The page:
Tuesday, September 26, 2006

Lies, Damned Lies, and Publishing

The bulk of this post is a comment I made over at Jeremy Lassen's LiveJournal, in response to a reference to this article in the Book Standard. I've also seen this statistic -- that only 7% of "books" sell more than 1000 copies -- being repeated as gospel on other blogs this morning. I am constitutionally incapable of taking numbers at face value, which led to the following:

I suspect some serious disingenuousness behind that statistic. Let's take a closer look at it...

The exact quote is "93 percent of ISBNs sold fewer than 1,000 units in 2004, according to Nielsen BookScan." Now, he didn't say the universe was of books published in 2004, but of ISBNs, which includes every book in print, and plenty of books that are now out of print (ISBNs have been standard worldwide since 1970).

So what he's actually saying is that, in this one given year, only 7% of all of the books published since 1970 moved more than 1000 units. This is not particularly controversial.


Dave Garrett said...

Absolutely correct. Makes no sense using that statistic. More correct would be --how many fiction books first published in 2004 sold more than 1000 copies? That would exclude non-fiction, academic text books, etc. Just fiction. Could they actually get that number? Dave G.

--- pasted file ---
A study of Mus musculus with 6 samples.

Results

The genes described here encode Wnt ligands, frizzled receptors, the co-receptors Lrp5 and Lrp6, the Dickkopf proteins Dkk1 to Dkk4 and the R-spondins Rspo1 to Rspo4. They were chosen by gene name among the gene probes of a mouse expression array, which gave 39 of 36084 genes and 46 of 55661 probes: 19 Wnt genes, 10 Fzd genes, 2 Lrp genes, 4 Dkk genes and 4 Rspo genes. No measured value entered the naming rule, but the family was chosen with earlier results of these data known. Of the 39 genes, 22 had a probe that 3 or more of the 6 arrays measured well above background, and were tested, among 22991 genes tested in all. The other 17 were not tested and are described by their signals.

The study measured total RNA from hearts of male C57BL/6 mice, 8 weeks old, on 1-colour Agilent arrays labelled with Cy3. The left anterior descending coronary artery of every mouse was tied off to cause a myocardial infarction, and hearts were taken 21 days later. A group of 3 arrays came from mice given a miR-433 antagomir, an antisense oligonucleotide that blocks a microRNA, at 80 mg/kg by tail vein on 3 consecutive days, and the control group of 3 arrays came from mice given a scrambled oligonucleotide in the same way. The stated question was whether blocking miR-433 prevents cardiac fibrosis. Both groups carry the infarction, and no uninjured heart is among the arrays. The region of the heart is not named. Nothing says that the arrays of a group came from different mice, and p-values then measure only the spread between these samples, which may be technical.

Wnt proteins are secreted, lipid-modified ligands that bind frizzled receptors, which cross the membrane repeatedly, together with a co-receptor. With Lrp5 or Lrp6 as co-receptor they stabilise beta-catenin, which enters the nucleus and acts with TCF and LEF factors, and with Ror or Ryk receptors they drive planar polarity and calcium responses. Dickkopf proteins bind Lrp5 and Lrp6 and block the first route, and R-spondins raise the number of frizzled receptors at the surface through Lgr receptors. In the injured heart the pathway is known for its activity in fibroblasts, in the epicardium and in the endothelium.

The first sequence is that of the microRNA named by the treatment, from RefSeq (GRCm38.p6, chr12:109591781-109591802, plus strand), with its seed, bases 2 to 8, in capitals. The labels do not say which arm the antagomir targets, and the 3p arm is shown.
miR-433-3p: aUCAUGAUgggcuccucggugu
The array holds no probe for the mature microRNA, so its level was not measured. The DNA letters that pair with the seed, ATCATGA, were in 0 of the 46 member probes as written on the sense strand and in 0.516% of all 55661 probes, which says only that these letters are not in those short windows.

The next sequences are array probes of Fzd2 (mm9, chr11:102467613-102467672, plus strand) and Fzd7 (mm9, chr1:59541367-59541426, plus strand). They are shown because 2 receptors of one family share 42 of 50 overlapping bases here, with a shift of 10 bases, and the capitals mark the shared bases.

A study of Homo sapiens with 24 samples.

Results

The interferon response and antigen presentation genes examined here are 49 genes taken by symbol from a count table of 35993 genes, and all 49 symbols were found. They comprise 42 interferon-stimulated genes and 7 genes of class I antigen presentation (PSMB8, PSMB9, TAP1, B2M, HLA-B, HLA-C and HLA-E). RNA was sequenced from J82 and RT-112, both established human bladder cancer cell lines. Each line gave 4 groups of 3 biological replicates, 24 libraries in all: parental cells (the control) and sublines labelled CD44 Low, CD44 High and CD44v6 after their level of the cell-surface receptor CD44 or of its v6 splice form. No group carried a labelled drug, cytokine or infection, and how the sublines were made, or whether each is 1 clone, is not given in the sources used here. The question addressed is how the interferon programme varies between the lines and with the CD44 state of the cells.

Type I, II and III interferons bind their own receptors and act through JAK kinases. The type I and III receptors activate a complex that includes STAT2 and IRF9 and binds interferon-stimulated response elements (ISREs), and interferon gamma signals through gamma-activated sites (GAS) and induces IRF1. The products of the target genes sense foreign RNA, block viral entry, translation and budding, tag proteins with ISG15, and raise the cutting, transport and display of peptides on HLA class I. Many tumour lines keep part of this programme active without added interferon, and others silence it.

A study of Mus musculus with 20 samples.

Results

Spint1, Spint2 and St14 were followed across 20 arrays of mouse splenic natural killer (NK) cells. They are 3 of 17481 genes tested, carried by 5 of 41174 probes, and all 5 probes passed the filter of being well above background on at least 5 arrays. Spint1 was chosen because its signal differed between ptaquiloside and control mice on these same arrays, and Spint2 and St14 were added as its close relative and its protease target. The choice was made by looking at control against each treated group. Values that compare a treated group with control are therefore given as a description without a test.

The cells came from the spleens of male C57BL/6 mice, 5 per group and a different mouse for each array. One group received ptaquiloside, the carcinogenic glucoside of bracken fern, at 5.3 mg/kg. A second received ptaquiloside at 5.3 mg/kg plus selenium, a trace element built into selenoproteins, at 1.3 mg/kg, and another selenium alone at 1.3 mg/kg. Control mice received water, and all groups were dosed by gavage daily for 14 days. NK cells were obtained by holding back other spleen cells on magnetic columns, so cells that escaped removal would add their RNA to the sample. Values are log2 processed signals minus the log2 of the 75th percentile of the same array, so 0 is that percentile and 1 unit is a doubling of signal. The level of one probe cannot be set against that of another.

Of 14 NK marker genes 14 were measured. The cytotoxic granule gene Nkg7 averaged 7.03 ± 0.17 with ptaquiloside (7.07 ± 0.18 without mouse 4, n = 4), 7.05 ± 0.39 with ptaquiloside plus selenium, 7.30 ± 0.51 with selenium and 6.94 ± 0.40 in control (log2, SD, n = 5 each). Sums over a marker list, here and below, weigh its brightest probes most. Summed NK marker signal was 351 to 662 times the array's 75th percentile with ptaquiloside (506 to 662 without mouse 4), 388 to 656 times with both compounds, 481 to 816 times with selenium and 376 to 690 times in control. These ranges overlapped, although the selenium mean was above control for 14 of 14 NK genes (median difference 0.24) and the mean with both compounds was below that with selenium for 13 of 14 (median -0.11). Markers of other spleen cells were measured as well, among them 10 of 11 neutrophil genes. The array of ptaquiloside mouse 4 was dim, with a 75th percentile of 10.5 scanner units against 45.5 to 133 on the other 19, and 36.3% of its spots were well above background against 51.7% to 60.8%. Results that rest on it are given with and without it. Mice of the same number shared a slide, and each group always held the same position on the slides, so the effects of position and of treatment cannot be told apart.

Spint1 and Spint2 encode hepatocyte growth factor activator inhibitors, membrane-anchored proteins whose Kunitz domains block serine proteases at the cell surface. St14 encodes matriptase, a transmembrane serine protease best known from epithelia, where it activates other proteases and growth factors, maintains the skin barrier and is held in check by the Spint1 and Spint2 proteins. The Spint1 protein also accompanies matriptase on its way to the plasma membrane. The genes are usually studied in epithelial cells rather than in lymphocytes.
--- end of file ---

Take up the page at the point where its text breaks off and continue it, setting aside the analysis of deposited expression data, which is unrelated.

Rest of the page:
Andrew Wheeler said...

dave: There are people who have that number -- the BookScan folks certainly do -- but I don't know if there's anyone who would make it public for free.

Anyway, the short answer to your question is "all of them." Even disasters from major publishers sell more than a thousand copies -- that's an extremely low figure. Some small press books have first printings under a thousand, but those are most likely limited editions to begin with.